After a dark and cold winter, the clocks have finally sprung forward, and we can now enjoy extra daylight hours. When you see daffodils sprouting in parks and see hot cross buns piled high on shelves, it is a sign that we are finally reaching warmer months. These, alongside packets of colourful chocolate eggs, are symbols of spring and the lovely long filled weekend.
For those of us lucky enough to have Bank Holidays off, we will be counting down to our two 4-day working weeks. There will be those of us who will be filling our long weekend to the brim with plans, catching up with family or socialising with friends. However, on the other end of the spectrum there will be many of us who are excited to spend four glorious days in our pyjamas, at home, doing nothing! No matter how you choose to celebrate Easter weekend, there is one thing we will probably all be taking part in, purchasing and consuming chocolate eggs.
Chocolate Eggs are the Best Part of Easter for Many of Us
Chocolate eggs are the mascot of Easter. Their bright packaging and various options fill our supermarkets, our tv screens, the boots of our cards and the back of cupboards. In the UK, we love a chocolate gimmick, and we buy it on every occasion. We buy 24 tiny chocolates behind tiny doors at Christmas. During Valentines Day, we buy chocolate shaped into hearts for our partners and loved ones. Halloween sees the same chocolate moulded into shapes and wrapped in foil to give the appearance of pumpkins or eyeballs. All these holidays see the same chocolates reshaped, repackaged, and sometimes even repriced. Easter is no exception.
Between 80-90 million chocolate eggs are sold each year in the UK. This equates to 10% of the UK’s annual spending on chocolate. Additionally, in the UK, around 333 million Crème Eggs are bought and eaten yearly. It is predicted that £415 million will be spent by consumers on Easter eggs in 2023.
This year consumers are used to inflated food prices. The cost-of-living crisis has affected chocolate eggs differently. Our beloved chocolate eggs have been hit by shrinkflation. Their price has remained the same however the amount of product you now get has decreased. This is in effort to maintain and improve profitability amidst increased production costs due to increased ingredients and energy costs. A medium Wispa egg from Cadbury’s is down from 224g to 182.5g, with the price remaining at £3. By the price point staying the same, consumers who do not notice the change in product size will be under the impression that chocolate eggs have been unaffected by inflated food prices over the last year.
In 2022, £1.3 Billion was Spent on Easter Celebrations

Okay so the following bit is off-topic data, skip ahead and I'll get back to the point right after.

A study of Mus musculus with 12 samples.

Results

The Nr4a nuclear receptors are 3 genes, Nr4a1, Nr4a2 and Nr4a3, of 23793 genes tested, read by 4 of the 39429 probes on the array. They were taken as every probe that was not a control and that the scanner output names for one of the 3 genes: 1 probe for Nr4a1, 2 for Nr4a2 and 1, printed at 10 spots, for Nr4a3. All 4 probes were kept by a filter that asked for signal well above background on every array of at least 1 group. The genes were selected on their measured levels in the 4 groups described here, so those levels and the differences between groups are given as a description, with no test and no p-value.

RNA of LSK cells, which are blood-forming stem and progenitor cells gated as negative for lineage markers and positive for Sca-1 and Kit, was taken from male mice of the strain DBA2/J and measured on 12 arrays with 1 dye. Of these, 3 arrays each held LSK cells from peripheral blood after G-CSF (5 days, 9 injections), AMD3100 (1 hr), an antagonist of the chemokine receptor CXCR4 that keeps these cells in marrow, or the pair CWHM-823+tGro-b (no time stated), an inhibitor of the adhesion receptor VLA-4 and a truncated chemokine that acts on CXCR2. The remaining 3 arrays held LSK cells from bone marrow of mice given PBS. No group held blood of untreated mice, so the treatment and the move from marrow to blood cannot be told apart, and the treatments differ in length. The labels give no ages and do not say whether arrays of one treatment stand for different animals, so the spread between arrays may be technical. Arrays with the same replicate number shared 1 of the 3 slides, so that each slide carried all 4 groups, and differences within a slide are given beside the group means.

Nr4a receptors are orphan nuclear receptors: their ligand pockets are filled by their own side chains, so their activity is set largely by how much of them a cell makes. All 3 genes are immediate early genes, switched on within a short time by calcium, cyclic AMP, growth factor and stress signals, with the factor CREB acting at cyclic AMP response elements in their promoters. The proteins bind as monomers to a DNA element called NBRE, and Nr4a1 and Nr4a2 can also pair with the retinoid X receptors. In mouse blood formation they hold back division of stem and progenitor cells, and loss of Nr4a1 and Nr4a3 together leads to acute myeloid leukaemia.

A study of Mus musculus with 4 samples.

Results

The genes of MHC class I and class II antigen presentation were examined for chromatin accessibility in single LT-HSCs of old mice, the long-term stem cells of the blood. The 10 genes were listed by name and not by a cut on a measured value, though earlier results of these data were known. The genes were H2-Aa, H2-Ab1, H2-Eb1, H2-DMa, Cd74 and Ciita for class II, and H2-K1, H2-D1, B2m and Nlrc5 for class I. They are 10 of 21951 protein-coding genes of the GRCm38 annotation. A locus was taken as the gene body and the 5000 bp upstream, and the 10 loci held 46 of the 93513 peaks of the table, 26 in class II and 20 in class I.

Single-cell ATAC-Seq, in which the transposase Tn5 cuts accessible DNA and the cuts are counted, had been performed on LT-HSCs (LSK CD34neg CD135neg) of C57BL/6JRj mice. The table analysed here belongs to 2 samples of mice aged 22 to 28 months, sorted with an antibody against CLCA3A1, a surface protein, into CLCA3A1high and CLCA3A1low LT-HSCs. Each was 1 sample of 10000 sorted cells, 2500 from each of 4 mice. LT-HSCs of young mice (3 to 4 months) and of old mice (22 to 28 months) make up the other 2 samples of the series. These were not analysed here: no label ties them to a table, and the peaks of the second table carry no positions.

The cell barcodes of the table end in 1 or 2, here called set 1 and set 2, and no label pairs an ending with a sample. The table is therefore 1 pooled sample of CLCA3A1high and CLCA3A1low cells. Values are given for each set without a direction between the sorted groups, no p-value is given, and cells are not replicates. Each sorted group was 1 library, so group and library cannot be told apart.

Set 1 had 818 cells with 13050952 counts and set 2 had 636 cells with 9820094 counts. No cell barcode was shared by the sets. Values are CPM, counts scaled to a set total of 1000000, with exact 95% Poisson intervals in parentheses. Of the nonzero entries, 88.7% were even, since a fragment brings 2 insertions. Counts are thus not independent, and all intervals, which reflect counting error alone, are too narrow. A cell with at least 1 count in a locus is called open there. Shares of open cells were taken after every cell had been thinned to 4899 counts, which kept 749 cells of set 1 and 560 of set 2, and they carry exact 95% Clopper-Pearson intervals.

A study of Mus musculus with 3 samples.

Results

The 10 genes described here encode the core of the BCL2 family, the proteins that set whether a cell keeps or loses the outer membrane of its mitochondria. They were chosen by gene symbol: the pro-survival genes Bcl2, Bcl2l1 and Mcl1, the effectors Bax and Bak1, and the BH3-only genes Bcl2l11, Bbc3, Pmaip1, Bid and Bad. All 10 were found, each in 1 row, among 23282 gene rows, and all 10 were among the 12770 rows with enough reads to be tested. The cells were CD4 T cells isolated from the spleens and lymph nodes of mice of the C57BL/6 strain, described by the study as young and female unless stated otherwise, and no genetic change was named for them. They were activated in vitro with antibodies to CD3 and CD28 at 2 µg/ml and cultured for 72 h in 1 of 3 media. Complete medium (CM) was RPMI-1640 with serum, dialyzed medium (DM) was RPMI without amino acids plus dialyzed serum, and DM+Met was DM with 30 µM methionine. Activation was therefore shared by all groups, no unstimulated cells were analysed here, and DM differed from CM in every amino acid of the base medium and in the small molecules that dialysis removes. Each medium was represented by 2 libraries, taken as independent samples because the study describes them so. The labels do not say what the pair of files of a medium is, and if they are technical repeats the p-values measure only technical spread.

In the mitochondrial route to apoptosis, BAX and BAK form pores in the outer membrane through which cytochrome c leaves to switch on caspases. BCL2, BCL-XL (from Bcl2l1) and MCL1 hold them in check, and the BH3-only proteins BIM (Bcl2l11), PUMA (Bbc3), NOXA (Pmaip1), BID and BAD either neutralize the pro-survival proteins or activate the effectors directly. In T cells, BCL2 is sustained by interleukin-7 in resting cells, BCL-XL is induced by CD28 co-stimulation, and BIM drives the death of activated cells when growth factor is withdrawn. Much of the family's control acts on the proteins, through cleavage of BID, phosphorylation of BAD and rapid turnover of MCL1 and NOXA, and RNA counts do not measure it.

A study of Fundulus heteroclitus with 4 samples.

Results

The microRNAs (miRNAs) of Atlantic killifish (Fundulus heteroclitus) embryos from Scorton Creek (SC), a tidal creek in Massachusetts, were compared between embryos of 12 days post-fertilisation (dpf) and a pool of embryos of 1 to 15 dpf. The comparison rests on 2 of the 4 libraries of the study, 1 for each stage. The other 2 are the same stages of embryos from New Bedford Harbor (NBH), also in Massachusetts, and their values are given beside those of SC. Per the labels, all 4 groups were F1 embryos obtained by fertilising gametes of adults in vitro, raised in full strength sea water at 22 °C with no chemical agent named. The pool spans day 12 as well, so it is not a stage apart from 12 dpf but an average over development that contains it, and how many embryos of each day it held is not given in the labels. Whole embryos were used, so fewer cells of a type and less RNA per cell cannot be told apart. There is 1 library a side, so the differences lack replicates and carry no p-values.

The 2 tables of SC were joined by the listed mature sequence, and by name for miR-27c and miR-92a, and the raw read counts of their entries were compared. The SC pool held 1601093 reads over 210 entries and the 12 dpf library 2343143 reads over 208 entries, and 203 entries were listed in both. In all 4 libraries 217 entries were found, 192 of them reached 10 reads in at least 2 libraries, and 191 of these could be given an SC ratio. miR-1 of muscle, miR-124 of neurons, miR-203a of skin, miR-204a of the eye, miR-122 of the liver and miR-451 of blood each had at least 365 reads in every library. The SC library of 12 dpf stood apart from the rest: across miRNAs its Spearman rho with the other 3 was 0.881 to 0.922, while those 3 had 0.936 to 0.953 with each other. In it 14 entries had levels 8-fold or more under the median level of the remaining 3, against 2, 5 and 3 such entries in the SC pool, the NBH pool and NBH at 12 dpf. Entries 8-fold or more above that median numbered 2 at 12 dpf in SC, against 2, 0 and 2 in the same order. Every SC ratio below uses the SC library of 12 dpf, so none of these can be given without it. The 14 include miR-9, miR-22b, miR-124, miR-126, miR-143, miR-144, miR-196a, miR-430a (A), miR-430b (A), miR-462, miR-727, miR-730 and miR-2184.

Chocolate eggs are not the sole seasonal purchase around springtime. Hot cross buns and their many variations are also a product that flies off the supermarket shelves around Easter. There are around 20 million packs of hot cross buns sold annually in the UK. Due to over ever-growing need for options, the hot cross bun market has expanded past a point any of us thought it would. There are the traditionalists among us who will be shaking their heads and the vast options of flavours you can now buy. Flavours such as Red Velvet, Lemon Drizzle and Banoffee Pie have been incorporated into Hot cross buns to tempt us and our sweet tooths into purchasing if even just to try and never buy again.
The Hot cross bun market likely never crosses anyone’s mind. However, it is a lucrative seasonal bake, and any budding bakers should consider adding them to their product list. In 2019 Hot cross bun sales were around £153.1 million, and that was before a multitude of flavour variations hit the market. For those who own or are planning on starting a baking business, ensure you have a card machine to maximise your profits this Hot cross bun season.
When considering the daffodils, lamb joints, and lunches in local pubs that will be purchased this Easter weekend, it is no surprise that consumers spend a lot celebrating. In 2022 £1.3 billion was spent on Easter celebrations. But does this outweigh the costs Bank Holidays have on the economy?
Bank Holidays: A Win for Employees vs A Loss for the Economy
Having two Bank Holidays over Easter means a more significant loss in output from businesses closing. A study conducted by the Centre for Economics and Business Research found that each Bank Holiday costs the UK economy £2.3 billion. Economists have reported that removing all UK Bank Holidays would boost the economy by as much as £19 billion annually. This year the profit from Easter weekend will be further affected by the impending strikes. Easter is a popular time for families to book holidays due to a longer half-term. It boosts the travel and tourism sector between the Christmas and Summer periods. However, this Easter, there are strikes scheduled within airports which will affect thousands of holidays.
However you celebrate this Easter, one thing is for sure, it will probably include chocolate in one form or another.